Katusha announce women's team following merger with Israel Cycling Academy
The heavily rumoured merger has now been confirmed by both teams
Katusha have confirmed their merger with Israel Cycling Academy for 2020 and announced they will also be partnering with a professional women's team next season.
After 10 years of Katusha operating the WorldTour team, Israel Cycling Academy will step up from the Pro-Continental ranks to take over the outfit, with a number of Katusha riders and staff remaining on the books.
>>> Here are the top riders still without confirmed contracts for the 2020 season
The agreement is a three-year deal, with Katusha remaining a partner and continuing to provide clothing for the team. Moreover, the Swiss-registered team say they will shortly announce a new partnership with a professional women's team. Details remain slim, so we will have to wait to see exactly what this partnership will involve.
In a statement, Katusha said: "These 2020 partnerships afford Katusha Sports an opportunity to continue developing its range, using the pro teams as a focus for research and development. With the pro team as a research “lab” the goal of Katusha Sports will be to be able to offer the best in cutting edge technology, function and style for both the men’s and women's market."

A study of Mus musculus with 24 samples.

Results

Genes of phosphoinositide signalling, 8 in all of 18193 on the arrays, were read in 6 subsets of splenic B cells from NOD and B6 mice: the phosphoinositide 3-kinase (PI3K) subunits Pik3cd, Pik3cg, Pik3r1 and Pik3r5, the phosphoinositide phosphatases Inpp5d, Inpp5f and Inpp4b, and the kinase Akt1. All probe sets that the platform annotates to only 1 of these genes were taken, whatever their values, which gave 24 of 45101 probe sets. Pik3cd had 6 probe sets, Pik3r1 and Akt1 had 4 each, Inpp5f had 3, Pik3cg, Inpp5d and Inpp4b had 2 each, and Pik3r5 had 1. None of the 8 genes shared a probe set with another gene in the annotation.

Katusha have faced an uncertain future for some time, with headline sponsor Alpecin and bike provider Canyon believed to be moving their money elsewhere.
Israel Cycling Academy officially announced the heavily rumoured merger yesterday, with ICA co-owner, Israeli-Canadian billionaire Sylvan Adams, saying: "I have stated for some time that ICA would be in the WorldTour sooner or later. I am excited that it is happening right away for next year’s season.
"We have several new riders, including some from the current Katusha team that will join, and I promise we will make some noise in lots of big races next year. We’re just getting started."
Before joining Cycling Weekly I worked at The Tab and I've also written for Vice, Time Out, and worked freelance for The Telegraph (I know, but I needed the money at the time so let me live).
I also worked for ITV Cycling between 2011-2018 on their Tour de France and Vuelta a España coverage. Sometimes I'd be helping the producers make the programme and other times I'd be getting the lunches. Just in case you were wondering - Phil Liggett and Paul Sherwen had the same ham sandwich every day, it was great.